Risk & Compliance

SEC Fines Research Firm $375K Over Compliance

Regulators say Marwood Group passed information that was "ripe for insider trading" to clients without vetting from its compliance department.
Matthew HellerNovember 30, 2015

Political research firm Marwood Group has agreed to pay $375,000 to settle charges that it failed to take sufficient steps to prevent misuse of nonpublic information obtained from government agencies.

Marwood provides hedge funds and other clients with regulatory updates and analysis about future government actions or rulemaking decisions. According to the U.S. Securities and Exchange Commission, “research notes” were distributed directly to clients in 2010, bypassing Marwood’s compliance department, and, as a result, were not properly vetted for “any material nonpublic information [MNPI] ripe for insider trading.”

The information, the SEC said in an administrative order, involved policy issues or pending regulatory approvals at the Centers for Medicare & Medicaid Services and the Food and Drug Administration.

“Government employees routinely possess and generate confidential market-moving information,” Andrew J. Ceresney, director of the SEC’s Enforcement Division, said in a news release. “When political intelligence firms like Marwood Group obtain information from government employees, they must take the necessary steps to prevent the dissemination of potentially material nonpublic information obtained in the course of their research.”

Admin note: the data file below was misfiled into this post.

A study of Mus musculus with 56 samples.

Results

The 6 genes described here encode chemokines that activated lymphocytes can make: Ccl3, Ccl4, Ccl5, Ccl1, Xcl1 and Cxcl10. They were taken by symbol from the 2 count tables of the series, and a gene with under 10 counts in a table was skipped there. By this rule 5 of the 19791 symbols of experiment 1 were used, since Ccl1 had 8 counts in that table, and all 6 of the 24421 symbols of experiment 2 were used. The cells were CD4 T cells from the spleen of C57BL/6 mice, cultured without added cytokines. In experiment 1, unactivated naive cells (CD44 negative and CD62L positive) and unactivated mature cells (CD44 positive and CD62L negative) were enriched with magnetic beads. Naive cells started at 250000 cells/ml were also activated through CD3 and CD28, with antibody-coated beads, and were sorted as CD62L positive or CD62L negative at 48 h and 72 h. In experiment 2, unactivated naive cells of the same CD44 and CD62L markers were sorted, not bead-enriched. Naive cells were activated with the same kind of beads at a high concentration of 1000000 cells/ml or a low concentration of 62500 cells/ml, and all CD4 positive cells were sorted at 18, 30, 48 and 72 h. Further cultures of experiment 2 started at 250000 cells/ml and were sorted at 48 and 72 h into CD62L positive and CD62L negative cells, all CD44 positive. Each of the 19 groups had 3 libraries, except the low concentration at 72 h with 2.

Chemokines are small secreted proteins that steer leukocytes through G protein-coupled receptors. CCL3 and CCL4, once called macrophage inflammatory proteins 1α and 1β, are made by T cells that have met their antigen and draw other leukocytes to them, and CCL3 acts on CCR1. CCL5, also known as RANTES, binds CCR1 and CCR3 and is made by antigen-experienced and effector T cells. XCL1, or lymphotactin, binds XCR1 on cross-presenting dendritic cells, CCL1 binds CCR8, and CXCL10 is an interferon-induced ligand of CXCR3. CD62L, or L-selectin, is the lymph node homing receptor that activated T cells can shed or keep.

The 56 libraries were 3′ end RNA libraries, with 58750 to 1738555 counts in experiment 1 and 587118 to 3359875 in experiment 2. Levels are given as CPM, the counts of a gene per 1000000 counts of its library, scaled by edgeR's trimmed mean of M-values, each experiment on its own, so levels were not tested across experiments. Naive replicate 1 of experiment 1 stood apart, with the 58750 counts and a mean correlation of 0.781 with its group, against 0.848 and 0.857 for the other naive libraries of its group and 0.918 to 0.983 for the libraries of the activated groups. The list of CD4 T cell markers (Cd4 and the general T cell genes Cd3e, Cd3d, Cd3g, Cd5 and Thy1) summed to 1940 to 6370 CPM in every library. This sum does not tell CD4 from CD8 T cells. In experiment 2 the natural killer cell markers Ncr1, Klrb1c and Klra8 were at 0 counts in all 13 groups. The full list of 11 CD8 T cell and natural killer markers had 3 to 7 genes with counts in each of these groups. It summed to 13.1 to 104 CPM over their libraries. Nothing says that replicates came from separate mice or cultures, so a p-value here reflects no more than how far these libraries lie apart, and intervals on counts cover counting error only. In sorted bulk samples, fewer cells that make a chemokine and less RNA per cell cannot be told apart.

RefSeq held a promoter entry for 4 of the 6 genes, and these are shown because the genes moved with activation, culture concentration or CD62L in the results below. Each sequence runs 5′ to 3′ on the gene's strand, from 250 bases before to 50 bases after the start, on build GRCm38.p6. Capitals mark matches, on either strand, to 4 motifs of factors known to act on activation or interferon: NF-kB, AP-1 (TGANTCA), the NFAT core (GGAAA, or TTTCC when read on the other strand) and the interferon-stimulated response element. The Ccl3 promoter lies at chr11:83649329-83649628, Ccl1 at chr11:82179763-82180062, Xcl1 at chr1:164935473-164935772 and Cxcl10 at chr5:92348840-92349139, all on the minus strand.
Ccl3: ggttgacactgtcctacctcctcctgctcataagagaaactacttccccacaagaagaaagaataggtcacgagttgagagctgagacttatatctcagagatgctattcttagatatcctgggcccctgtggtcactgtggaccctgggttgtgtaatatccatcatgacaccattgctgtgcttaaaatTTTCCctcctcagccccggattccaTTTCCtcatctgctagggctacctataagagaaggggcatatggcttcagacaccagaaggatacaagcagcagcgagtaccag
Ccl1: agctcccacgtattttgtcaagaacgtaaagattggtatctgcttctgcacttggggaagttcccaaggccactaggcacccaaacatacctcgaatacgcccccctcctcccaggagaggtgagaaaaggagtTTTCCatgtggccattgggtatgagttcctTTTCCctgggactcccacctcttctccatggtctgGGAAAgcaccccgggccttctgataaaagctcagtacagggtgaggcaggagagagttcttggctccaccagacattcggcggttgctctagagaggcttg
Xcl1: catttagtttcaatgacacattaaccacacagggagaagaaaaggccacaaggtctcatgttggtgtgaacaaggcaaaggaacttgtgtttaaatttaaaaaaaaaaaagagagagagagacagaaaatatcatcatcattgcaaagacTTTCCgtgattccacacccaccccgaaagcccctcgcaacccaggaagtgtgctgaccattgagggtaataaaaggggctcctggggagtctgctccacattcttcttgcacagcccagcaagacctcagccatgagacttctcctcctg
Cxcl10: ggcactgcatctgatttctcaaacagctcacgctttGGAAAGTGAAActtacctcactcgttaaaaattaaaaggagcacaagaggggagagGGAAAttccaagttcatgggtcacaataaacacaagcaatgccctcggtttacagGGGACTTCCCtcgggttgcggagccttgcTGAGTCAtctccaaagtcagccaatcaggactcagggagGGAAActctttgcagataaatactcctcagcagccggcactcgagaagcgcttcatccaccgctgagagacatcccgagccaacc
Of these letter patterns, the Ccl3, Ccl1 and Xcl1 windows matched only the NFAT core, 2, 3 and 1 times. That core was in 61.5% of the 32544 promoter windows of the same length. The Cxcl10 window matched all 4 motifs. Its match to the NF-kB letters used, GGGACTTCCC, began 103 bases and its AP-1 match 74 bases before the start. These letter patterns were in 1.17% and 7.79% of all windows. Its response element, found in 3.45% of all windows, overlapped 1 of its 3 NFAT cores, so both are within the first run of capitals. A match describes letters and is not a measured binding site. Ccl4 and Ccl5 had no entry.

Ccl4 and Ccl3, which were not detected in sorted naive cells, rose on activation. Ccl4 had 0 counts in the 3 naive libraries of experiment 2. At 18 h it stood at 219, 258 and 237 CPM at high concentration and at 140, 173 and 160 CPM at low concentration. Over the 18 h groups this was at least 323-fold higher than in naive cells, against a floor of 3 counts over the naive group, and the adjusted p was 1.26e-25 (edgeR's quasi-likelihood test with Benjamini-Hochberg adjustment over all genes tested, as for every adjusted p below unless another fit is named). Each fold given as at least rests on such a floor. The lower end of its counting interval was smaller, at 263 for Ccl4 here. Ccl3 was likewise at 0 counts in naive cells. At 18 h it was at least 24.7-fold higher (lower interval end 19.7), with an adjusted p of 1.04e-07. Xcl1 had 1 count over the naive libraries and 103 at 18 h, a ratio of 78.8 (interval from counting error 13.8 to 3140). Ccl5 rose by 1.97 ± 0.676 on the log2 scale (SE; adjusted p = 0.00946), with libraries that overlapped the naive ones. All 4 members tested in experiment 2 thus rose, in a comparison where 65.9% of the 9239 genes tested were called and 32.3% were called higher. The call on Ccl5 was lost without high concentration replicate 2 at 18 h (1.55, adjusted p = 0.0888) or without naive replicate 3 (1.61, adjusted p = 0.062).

As the Wall Street Journal reports, the SEC has been investigating whether policy-research firms violated insider-trading rules by passing sensitive information about government policy to Wall Street clients.

“The settlement agreement with Marwood offers the first insights from the SEC about how its enforcement staff views the legal boundaries for an industry that hasn’t historically faced clear rules,” the WSJ said.

Edward Kennedy Jr. , the son of the late Sen. Edward M. Kennedy, co-founded Marwood in 2002. The SEC investigation began in late 2010 after Marwood predicted the FDA would delay approval of a new diabetes drug. Because quick approval was expected, the FDA’s decision caused a 50% decline in shares of the drug’s maker, Amylin Pharmaceuticals.

According to a Marwood analyst’s notes quoted in the settlement agreement, a former FDA official told Marwood employees in September 2010 that “contacts @ agency were saying that some @ agency still concerned about approval.”

Marwood “failed to establish, maintain, and enforce written policies and procedures reasonably designed to prevent the misuse of MNPI,” the SEC said.